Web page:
At its booth here at NBAA 2014, Timken is highlighting its parts manufacturer approval (PMA) and bearing repair services. In September the company announced the year-end closure of its turbine engine overhaul and repair business. No more orders for turbine O&R are being accepted, said Larry Shiembob, director of Timken Aerospace Aftermarket operations in Mesa, Ariz. He added that Timken (Booth 3028) expects to clear its overhaul and repair backlog by the end of October.
United Turbine Parts (UTP) lays claim to being the world’s leading independent supplier of Pratt & Whitney Canada PW100 and PT6 engines and components. With Latin America having a growing fleet of aircraft powered by these turbine engines, the region is an important growth market for the U.S. company.
The technology stakes are high for the GE9X engine that will power Boeing’s new 777X twinjet, but GE Aviation believes its big bet on the weight savings to be delivered by unprecedented use of composites is about to pay off. The U.S. engine maker, which currently holds orders for some 600 of the engines, is leaving nothing to chance and, with more than two years of technology maturation behind it, the company is now stepping up its test program en route to certification in 2018.
While 3-D printing applications in aerospace remain limited to relatively small and simple parts, Honeywell engineers believe the technology carries potential in the manufacturing of a critical engine component: turbine vanes.
More than 4,000 sq ft of Duncan Aviation’s new 175,000-sq-ft hangar in Lincoln, Neb., is dedicated to engines. “We’ve been in the new shop for only a few months but have already experienced a significant increase in work efficiency and improvement to the safety of our customers’ property,” said James Prater, manager of turbine engine services. “Before the move, all engines and their components would remain subject to being moved in the hangar.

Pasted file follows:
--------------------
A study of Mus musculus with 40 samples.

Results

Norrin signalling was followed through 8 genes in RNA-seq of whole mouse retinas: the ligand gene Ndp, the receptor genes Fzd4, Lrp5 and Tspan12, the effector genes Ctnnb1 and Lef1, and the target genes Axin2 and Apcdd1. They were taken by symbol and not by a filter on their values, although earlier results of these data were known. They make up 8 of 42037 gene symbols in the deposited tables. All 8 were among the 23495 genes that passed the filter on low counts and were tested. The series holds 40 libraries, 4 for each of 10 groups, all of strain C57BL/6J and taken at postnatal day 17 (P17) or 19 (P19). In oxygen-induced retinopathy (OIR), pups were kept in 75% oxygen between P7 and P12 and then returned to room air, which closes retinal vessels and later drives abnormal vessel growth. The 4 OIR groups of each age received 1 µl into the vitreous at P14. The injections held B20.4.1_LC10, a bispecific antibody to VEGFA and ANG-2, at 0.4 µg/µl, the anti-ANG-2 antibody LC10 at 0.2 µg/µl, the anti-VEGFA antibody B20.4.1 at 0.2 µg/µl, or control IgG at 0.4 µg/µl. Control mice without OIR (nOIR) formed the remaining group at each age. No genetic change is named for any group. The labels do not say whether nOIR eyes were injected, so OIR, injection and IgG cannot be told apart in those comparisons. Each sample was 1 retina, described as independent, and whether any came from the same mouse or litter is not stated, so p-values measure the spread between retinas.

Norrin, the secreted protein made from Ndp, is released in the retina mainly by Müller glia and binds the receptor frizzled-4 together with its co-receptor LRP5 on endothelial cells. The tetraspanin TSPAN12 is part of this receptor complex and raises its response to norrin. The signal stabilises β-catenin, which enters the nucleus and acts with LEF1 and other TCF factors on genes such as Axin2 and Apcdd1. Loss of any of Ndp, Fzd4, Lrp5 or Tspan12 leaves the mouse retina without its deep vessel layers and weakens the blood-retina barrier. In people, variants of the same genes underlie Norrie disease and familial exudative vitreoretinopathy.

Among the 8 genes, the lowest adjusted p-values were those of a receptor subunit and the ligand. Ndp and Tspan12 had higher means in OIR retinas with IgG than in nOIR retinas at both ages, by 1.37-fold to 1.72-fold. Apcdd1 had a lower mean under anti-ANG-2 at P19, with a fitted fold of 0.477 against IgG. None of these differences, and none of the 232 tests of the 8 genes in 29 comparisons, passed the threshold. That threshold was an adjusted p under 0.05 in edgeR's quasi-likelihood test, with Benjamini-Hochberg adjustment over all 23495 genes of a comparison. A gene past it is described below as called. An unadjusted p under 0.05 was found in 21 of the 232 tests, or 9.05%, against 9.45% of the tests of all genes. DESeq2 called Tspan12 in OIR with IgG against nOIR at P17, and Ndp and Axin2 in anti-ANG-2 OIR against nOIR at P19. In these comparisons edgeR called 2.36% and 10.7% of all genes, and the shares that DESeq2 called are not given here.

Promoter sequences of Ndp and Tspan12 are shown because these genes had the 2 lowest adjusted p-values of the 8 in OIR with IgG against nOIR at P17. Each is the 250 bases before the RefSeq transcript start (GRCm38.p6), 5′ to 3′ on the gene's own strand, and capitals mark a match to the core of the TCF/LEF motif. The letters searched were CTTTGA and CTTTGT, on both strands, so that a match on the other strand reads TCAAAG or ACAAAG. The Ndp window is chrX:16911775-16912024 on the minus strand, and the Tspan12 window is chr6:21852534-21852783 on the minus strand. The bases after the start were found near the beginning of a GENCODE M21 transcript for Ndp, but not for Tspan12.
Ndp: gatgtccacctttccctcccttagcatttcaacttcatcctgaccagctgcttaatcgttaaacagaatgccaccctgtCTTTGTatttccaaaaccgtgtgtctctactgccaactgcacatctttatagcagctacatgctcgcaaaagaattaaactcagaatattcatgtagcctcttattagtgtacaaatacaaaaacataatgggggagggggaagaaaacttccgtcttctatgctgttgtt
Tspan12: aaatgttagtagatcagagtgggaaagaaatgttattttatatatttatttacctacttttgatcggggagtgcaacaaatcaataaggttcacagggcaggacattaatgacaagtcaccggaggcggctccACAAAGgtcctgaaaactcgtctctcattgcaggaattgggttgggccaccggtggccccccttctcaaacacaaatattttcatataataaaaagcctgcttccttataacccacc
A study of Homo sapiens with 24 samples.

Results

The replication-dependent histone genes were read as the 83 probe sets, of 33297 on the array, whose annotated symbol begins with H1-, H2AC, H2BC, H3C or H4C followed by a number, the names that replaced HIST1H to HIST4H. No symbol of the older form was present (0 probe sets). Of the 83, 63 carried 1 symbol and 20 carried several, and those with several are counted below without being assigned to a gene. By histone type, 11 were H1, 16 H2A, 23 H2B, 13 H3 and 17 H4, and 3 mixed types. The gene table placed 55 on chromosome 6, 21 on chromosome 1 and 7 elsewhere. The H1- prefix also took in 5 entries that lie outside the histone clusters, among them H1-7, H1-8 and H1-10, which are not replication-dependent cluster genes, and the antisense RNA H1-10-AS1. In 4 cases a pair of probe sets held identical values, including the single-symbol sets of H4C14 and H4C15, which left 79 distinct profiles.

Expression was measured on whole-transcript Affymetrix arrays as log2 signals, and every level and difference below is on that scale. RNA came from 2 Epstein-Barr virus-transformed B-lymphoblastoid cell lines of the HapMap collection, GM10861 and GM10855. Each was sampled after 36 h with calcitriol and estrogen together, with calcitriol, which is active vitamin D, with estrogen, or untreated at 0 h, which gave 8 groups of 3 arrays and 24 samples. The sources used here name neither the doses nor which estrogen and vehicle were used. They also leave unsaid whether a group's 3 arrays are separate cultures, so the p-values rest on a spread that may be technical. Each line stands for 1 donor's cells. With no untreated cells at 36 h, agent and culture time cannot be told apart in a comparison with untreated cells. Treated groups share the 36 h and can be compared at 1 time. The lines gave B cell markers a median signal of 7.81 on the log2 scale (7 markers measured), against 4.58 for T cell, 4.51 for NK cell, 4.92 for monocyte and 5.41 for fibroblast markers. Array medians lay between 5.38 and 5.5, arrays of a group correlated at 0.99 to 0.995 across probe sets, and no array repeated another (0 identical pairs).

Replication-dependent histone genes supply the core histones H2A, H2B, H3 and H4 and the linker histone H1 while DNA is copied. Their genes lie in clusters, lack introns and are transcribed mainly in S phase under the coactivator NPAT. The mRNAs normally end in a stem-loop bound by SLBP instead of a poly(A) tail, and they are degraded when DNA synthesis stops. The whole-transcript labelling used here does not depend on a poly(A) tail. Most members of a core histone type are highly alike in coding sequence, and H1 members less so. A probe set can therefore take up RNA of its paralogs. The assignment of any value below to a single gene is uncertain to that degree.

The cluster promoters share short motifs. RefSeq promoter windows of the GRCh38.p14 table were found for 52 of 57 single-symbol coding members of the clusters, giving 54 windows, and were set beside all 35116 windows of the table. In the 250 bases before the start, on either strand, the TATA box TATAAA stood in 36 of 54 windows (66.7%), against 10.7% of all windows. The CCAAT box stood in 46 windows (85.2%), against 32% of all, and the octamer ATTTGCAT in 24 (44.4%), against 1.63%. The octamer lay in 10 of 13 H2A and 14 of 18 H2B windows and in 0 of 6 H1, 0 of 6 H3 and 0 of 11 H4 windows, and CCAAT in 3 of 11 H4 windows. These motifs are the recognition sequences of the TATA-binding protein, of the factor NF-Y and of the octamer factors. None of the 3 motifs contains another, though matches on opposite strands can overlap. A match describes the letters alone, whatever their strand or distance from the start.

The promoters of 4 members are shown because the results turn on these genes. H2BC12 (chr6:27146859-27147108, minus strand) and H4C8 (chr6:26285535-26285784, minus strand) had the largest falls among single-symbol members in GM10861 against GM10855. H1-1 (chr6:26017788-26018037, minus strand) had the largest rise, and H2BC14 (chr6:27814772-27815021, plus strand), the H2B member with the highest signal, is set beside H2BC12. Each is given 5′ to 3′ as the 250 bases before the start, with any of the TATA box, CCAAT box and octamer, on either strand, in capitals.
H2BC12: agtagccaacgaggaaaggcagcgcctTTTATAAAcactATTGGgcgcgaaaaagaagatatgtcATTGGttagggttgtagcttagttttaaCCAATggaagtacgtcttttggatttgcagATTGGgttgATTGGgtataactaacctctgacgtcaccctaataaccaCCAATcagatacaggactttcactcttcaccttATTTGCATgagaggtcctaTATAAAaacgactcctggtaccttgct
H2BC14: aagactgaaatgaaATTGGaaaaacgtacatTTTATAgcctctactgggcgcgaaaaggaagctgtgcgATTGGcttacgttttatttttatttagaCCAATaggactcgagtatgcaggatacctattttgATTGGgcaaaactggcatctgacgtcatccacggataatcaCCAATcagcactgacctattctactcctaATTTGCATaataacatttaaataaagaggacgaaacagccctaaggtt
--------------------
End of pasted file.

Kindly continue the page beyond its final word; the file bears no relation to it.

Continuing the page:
Timken, known for manufacturing precision roller bearings for a variety of industries, is highlighting its wide range of aerospace products and services at the NBAA show (Booth No. 1327), in particular an expanded turbine engine maintenance, repair and overhaul (MRO) capability.
Dallas Airmotive unveiled its new logo here at NBAA 2013. Using the company’s traditional red and blue colors, the new logo morphs spinning turbine engine blades into the shape of a Phoenix.
On September 12, Europe’s EADS unexpectedly assigned a schedule and a market segment to its “E-Thrust” hybrid propulsion concept, which was revealed at the Paris Air Show this year with Rolls-Royce. The “E-Airbus,” under its new moniker, is to enter into service in 2030 as a regional aircraft, probably a 70- to 100-seater. The announcement came during a conference organized by the French government in Paris about its industrial policy.
Pilatus said here at LABACE yesterday that it will deliver three more of these PC-6 Turbo Porters to Brazil this year, having delivered only one since certification in the country in 2011. The Swiss manufacturer is emphasizing the single turboprop’s short takeoff and landing performance, pointing out that it can operate more economically than helicopters and with superior payload. Maximum payload is 1.2 metric tons, maximum range is 870 nm and this can be achieved operating out of an airstrip shorter than 1,500 feet (440 meters).
EADS is demonstrating here at Le Bourget a number of electric- and hybrid-propulsion technologies developed under its commitment to reduce aircraft CO2 emissions. In cooperation with Royan Aero Composites, EADS has developed and built the E-Fan fully electric general-aviation training aircraft and, separately, has engineered with Diamond Aircraft and Siemens the Diamond Aircraft DA36 E-Star 2 hybrid-electric motor-glider. EADS also cooperated with Rolls-Royce on the future distributed-propulsion system concept, and all three projects are dubbed “E-aircraft.”